If you are planning to take the IELTS test, you would be aware that the test comprises of four different modules: Listening, Reading, Writing and Speaking. For many IELTS test takers, the speaking test is often the most difficult. This is not very surprising because it is akin to speaking in public. It is a known fact that ‘public speaking’ is one of the scariest tasks for people.
There are three sections in the speaking test in IELTS. The second section is an individual talk where the candidate is required to speak for about maximum 1.5-2 minutes ; however, even this short duration can seem to be like a very long time. The only way to get comfortable with this test is to practice regularly by speaking in front of someone - or yourself, in front of a mirror- on a range of topics. You will gradually find yourselves improving your spoken English abilities to the point that you can take the speaking test with confidence.
For this section of IELTS speaking test, you’ll be given a piece a paper with a topic and given about a minute to think of what you are going to talk about. The examiner then asks you to start and times your ‘speech’. You are expected to speak fluently during this duration in good English.
There are a few things that are good about the IELTS speaking test. For one, facts don’t matter. You could be making up the most atrociously unbelievable stories but as long as the language is good, it is fine.
Secondly, accents don’t matter. You may speak in a Malayalam or Gujarati accent; that won’t be held against you. However, the pronunciation of English words has to be proper. [Do read our blog post on why pronunciation matters, not accent. ]
There are a few factors that matter in the speaking test. Fluency in the English language is obviously one of the main ones. The examiner is evaluating how you can go on speaking without too many breaks or grammatical issues in your spoken English. Secondly, the ability to use good language makes a huge difference. This is dictated by the range and quality of your vocabulary and use of correct grammar. Using more powerful and attractive words will certainly help you score the higher band. Make sure you are also very coherent and speaking with a particular flow on the topic.
Practical tips to score well in the IELTS speaking test
Here are a few strategies you can adopt to score a high-band.
Rely on personal anecdotes:
It helps to speak with personal examples or anecdotes. By connecting personal stories, you will be able to more easily speak from the heart. This can certainly help with being able to speak more fluently.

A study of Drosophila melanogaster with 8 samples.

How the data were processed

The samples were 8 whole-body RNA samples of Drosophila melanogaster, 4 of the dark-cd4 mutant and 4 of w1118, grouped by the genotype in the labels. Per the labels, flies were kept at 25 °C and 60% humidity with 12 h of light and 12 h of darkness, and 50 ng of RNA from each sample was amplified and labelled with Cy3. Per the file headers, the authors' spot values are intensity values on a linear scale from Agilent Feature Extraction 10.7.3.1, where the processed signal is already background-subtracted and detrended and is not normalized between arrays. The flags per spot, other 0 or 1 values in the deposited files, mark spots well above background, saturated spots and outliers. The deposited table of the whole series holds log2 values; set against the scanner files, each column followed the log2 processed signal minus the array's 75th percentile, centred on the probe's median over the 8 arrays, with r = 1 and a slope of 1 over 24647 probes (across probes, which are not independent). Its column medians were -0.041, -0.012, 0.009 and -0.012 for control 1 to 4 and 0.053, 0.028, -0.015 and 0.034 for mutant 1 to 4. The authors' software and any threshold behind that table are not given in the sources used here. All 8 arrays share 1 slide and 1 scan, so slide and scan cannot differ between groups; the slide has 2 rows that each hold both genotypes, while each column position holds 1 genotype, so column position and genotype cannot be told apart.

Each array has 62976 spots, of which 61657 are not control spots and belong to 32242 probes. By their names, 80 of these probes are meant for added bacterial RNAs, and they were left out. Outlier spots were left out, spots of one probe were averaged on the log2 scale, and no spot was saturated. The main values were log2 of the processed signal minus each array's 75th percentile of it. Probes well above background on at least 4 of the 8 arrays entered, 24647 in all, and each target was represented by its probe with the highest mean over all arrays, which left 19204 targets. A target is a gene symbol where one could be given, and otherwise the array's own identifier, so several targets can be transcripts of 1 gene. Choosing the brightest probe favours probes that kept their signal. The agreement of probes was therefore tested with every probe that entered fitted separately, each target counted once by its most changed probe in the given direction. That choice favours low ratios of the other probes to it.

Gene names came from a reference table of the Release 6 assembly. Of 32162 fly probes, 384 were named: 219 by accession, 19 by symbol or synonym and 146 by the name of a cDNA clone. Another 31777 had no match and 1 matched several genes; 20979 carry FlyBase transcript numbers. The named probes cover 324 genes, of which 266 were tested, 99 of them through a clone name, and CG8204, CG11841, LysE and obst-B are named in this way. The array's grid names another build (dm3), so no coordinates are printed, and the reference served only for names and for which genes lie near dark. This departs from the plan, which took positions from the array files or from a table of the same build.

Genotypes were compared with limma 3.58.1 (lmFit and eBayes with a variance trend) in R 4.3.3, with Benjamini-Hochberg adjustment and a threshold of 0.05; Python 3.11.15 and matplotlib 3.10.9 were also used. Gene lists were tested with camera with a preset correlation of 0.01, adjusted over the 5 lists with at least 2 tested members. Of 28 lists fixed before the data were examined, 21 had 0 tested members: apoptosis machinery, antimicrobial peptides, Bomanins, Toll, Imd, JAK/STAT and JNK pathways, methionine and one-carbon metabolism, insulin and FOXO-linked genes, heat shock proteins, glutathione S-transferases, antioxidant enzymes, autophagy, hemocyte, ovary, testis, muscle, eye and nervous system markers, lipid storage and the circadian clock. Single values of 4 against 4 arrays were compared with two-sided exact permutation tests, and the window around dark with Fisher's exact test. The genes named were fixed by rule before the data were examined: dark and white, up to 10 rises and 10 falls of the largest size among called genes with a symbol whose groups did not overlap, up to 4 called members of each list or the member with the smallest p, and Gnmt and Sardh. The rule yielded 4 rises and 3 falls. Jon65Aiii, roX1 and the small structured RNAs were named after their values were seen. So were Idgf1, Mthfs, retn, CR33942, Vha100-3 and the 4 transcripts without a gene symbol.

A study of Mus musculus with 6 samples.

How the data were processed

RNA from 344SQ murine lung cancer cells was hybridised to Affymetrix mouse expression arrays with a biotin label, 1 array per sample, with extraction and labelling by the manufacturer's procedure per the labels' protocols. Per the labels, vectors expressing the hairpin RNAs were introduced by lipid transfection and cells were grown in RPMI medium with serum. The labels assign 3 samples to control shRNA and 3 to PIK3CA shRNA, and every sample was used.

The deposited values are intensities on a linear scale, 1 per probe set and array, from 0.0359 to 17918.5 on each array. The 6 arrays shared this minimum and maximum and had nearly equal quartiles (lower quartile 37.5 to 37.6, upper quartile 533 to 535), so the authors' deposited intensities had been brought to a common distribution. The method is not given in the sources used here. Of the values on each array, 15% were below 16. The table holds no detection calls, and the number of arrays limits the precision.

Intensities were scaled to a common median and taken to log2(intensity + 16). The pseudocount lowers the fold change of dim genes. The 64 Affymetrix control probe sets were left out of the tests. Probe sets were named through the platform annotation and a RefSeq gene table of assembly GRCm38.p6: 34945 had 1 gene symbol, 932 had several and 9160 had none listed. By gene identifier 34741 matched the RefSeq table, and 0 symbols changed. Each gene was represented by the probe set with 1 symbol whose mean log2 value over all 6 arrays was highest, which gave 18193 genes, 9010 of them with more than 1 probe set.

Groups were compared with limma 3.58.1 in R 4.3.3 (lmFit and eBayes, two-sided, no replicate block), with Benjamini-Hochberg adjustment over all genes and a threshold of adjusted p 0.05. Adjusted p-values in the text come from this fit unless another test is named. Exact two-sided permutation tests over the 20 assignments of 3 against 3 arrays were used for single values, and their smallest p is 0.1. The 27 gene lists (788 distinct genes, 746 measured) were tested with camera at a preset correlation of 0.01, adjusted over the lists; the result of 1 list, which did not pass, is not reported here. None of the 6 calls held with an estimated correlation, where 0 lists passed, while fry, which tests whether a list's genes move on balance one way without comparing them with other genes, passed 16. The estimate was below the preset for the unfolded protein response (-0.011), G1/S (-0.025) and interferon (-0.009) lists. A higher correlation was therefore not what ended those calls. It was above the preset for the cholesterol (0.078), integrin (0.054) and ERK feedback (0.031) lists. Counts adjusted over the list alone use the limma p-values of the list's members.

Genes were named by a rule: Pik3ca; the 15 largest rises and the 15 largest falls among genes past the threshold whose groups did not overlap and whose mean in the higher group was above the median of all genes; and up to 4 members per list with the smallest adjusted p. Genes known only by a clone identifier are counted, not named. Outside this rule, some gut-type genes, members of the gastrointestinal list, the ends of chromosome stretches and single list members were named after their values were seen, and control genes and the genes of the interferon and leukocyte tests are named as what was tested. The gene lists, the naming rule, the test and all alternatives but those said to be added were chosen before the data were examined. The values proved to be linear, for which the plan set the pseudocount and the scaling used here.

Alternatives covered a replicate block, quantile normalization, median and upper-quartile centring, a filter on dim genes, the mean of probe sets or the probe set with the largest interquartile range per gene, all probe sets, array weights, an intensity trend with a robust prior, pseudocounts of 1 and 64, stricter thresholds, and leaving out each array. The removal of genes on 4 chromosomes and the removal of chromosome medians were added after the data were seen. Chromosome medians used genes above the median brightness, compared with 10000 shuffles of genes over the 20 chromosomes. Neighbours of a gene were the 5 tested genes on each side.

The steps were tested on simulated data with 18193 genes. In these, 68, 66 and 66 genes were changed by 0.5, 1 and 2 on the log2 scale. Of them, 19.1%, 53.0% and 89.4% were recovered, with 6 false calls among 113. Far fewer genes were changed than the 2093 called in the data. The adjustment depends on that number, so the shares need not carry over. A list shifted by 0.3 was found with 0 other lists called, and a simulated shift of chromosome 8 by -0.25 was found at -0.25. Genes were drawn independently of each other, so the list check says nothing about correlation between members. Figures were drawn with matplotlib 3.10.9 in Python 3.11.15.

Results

Focus on one or two main points:
Try to put forth one or two important points in your talk which you are in a position to speak about confidently. You should note down these points during the ‘think time’ that is given to you before you start speaking.
Avoid taking too long pauses:
Natural pauses are acceptable. A pause to reflect is fine and is better than you appearing to be searching for words.
Control the pace of your talk:
Be strategic about the pace of your talk. Don’t try to speak too fast - which can happen due to nervousness- because that might mean that you may have to speak longer. Also, when you are in a hurry, there are chances that you ‘trip’ on your own words and begin to stammer, breaking the fluency.
After the examiner has heard you, he/she will ask a few questions related to the topic, but not exactly related to what you may have just spoken. The questions could be related to broader issues around the topic and are designed to understand whether you can understand questions asked in a conversation and respond appropriately.
Again, the emphasis here is less on the logic of your argument and more on how well you are able to express your opinion. What you must do is to ensure that you answer the question that is asked. For example, if the examiner asks whether you think that technology will eliminate the need and value of business travel, make sure that your response addresses the question. Don’t keep talking about business travel in general; explain why you think it will or will not be valuable in future.
Let us reiterate- the best tip to score a high band in the IELTS speaking test is regular and continuous practice. There is no substitute to this. In addition to regular practice, we hope you will follow some of the tips given above to improve your test score.